Old photo of George Washington in battle

George Washington rallies his troops at the Battle of Monmouth in a painting by Emanuel Leutze, 1857 (Courtesy of the Library of Congress).

8/16/2021By: Janet A. Aker, MHS Communications


In late 1776, as Gen. George Washington led his troops through the opening battles of the American Revolution, it was not necessarily the enemy fighters who posed the biggest risk to the fledgling U.S. Army.

An estimated 90% of deaths in the Continental Army were caused by disease, and the most vicious were variants of smallpox, according to the U.S. Library of Congress.

That’s why Gen. Washington made the controversial decision to order the mass inoculation of his soldiers, an effort to combat the spread of the disease that was at the time a major deterrent to enlistments and posed the risk of debilitating his army and tipping the balance of power against America’s first warfighters.

According to the U.S. Library of Congress’s Science, Technology, and Business Division, the smallpox inoculations began Jan. 6, 1777, for all of Washington’s forces who came through the then-capital of Philadelphia, and through Morristown, New Jersey, following the Battle of Princeton.

Smallpox is a potentially fatal disease that starts with fever and vomiting and an outbreak of ulcers in the mouth and a skin rash. The skin rash turns into highly contagious fluid-filled blisters. The fatality rate was very high.

Inoculations were far more primitive – and dangerous – than today’s vaccinations. The most common method was to cut a person’s skin and rub the minor incision with a thread or cloth contaminated with a less-virulent version of smallpox, which in this case was a strain known as “variola.”

At the time, most English troops were immune to variola, and their immunity gave them an “enormous advantage against the vulnerable colonists,” according to the library. By contrast, less than a quarter of the American colonial troops had ever had the virus.

Washington knew a mass inoculation campaign could backfire and might cause more disease than it prevented. He also feared the mandatory inoculations would harm recruitment.

Nevertheless, after weighing the odds, Washington informed Congress on Feb. 5, 1777, of his plans for mass inoculation. The general’s plans contraindicated a 1776 proclamation by the Continental Congress prohibiting inoculations.

A Feb. 6 letter to Dr. William Shippen from Washington states: “Finding smallpox to be spreading much and fearing that no precaution can prevent it from running through the whole of our Army, I have determined that the troops shall be inoculated. This expedient may be attended with some inconvenience and some disadvantages but yet I trust its consequences will have the happiest effects. Necessity not only authorizes but seems to require the measure, for should the disorder infect the Army in the natural way and rage with its usual virulence, we have more to dread from it than from the sword of the enemy.”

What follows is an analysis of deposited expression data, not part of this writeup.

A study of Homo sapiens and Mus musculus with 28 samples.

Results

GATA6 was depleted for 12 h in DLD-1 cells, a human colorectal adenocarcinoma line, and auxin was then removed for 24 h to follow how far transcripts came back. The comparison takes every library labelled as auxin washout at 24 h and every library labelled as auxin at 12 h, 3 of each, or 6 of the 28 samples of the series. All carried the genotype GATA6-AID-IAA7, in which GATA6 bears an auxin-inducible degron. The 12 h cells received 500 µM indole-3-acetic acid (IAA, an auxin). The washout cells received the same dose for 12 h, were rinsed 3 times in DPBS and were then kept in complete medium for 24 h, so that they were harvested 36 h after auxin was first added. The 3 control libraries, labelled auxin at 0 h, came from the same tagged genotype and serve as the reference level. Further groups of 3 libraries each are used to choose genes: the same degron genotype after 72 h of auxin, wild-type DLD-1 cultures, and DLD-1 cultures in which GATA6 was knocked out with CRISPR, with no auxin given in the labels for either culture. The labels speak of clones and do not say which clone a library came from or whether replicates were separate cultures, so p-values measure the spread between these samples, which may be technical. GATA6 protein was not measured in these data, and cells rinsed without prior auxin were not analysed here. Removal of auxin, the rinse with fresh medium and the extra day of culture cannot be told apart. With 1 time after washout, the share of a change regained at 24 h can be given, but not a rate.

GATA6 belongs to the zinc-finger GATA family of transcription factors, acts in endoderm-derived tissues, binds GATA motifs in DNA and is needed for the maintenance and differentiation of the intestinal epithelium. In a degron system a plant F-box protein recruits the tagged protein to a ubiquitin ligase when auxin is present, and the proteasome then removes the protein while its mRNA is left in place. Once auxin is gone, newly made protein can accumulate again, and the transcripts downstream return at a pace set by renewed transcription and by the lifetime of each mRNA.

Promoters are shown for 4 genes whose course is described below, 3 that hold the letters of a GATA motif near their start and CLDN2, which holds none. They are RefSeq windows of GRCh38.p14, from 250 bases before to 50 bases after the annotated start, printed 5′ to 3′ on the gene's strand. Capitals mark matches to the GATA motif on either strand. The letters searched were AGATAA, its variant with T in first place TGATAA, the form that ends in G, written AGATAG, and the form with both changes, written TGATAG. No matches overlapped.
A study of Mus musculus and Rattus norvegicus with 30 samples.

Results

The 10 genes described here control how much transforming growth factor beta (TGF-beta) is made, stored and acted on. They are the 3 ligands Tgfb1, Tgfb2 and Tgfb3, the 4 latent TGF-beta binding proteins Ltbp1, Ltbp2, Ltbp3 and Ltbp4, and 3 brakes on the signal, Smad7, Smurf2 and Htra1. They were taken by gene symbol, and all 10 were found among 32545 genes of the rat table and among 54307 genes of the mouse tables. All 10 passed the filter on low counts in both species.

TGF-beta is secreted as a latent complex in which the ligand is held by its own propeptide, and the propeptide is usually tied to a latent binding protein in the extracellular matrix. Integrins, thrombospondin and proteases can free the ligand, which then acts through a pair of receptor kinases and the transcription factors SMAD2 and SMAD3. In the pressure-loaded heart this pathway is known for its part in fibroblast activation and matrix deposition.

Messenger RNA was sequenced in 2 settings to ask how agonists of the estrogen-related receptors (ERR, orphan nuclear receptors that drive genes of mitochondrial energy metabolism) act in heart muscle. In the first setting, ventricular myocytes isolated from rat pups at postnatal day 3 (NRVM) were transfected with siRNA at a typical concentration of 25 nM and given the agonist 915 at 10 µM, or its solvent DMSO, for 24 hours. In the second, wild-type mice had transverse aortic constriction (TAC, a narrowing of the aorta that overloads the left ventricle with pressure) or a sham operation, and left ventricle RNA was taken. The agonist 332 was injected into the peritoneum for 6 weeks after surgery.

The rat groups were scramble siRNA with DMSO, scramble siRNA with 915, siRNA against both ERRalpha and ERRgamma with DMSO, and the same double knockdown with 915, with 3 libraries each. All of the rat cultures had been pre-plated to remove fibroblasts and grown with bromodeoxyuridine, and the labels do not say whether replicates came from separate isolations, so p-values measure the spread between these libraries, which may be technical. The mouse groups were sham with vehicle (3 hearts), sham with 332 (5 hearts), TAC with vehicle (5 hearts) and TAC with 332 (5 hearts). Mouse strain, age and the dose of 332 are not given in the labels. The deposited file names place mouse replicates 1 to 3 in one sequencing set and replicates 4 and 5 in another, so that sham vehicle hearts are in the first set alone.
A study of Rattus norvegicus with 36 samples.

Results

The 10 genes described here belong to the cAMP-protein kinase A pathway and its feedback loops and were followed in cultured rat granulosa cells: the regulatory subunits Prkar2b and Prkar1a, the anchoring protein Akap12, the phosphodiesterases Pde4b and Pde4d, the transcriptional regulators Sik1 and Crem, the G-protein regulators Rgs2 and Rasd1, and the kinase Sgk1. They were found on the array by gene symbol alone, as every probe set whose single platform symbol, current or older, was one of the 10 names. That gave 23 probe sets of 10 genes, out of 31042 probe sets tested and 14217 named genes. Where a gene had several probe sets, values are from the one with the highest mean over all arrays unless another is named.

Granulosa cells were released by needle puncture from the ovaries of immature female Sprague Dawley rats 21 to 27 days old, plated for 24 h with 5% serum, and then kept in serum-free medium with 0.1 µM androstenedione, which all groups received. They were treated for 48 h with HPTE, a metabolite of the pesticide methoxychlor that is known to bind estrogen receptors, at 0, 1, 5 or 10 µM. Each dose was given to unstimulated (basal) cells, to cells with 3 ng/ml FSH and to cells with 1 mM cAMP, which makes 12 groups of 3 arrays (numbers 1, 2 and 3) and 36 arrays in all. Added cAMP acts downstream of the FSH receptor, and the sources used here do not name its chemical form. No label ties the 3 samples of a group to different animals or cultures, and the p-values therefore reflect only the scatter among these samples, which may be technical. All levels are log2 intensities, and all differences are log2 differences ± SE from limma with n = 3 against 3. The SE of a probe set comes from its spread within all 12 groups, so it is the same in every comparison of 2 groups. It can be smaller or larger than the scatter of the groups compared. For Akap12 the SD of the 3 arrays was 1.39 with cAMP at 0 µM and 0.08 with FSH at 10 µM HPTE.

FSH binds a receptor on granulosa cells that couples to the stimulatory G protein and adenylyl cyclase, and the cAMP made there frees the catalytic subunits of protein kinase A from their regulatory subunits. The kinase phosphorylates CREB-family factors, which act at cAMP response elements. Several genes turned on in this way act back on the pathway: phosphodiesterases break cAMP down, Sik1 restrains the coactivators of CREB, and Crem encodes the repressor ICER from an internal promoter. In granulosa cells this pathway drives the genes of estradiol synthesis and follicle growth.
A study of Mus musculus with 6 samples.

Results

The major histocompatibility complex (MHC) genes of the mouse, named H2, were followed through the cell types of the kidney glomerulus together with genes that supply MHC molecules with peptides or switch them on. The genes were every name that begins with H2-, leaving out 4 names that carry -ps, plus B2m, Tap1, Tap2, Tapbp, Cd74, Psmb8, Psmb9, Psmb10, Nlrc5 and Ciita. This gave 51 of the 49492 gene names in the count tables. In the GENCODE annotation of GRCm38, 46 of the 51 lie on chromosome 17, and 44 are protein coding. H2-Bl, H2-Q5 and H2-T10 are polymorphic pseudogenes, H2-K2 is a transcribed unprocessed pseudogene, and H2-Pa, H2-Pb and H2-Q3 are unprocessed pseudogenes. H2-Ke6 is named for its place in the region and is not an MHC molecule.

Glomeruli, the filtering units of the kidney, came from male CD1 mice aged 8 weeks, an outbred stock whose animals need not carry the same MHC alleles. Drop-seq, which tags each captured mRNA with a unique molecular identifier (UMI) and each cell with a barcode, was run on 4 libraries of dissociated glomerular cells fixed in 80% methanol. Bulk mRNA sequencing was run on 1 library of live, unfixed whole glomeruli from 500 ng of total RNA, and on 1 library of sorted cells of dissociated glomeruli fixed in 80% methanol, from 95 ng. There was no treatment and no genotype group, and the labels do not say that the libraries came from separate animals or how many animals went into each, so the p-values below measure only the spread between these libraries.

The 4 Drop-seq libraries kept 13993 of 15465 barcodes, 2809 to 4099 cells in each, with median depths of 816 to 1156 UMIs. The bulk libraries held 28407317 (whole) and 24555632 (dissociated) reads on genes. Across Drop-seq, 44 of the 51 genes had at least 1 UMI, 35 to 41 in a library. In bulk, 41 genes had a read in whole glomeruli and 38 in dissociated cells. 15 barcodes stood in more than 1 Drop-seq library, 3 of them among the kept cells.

Throughout February, the inoculations across the entire force were carried out in the model of the initial efforts in Morristown and Philadelphia.

Washington’s strategy was largely successful.

“The isolated infections that sprung up among Continental regulars during the southern campaign failed to incapacitate a single regiment,” the Library reported.

You can read more on the first mass military inoculation at the Library of Congress’s Science section.


As much as people like to debate the issue, the only way to stop Covid is to vaccinate the masses. We need X, a certain percentage (80%, 90%? What percent?) to stop Covid and end Covid for all time. We did it with polio, smallpox, and other deadly diseases. But we need to start caring about other people and not simply ourselves. When did so many people lose their empathy for the suffering of others? Time to feel our loving oneness. Time for unity consciousness.

Time to protect the public and the children who can not yet be vaccinated. It’s not ok to spread disease and death. It was illegal to spread AIDS. Now it should be a crime to spread COVID.

Soon people begin suing those who spread diseases. Coming soon to the world, health passes for this and all future pandemics that threaten the liberty of all to move freely in the world without masks. We need to educate our children. They need to go to school. And yes, masks can come off if enough of us are vaccinated. We need more people vaccinated.

We eliminated many diseases, like smallpox, mumps, measles, polio, etc. We can eliminate COVID and all diseases like these but we need to think not only of ourselves but about all those around us that may get hurt and killed by catching these deadly diseases.

Covid’s not the first pandemic and it will not be the last. Our planet has a history of pandemics.

Vaccines have been around for hundreds of years. Washington required his troops to be vaccinated against smallpox so they could win the war and not be defeated by diseases. We’ve all been vaccinated. We are required to get vaccines to go to school. Babies are vaccinated at birth. We get vaccinated for jobs, travel, military. This is nothing political. This is about the health and welfare of the citizens of our planet.

Meanwhile, Denmark is taking off the masks and removing Covid restrictions. They have a vaccination rate of 80%. Perhaps the US is close but we just need to push this a little bit further, coast to coast. Wouldn’t it be great to go back to the way it was pre-Covid in 2019?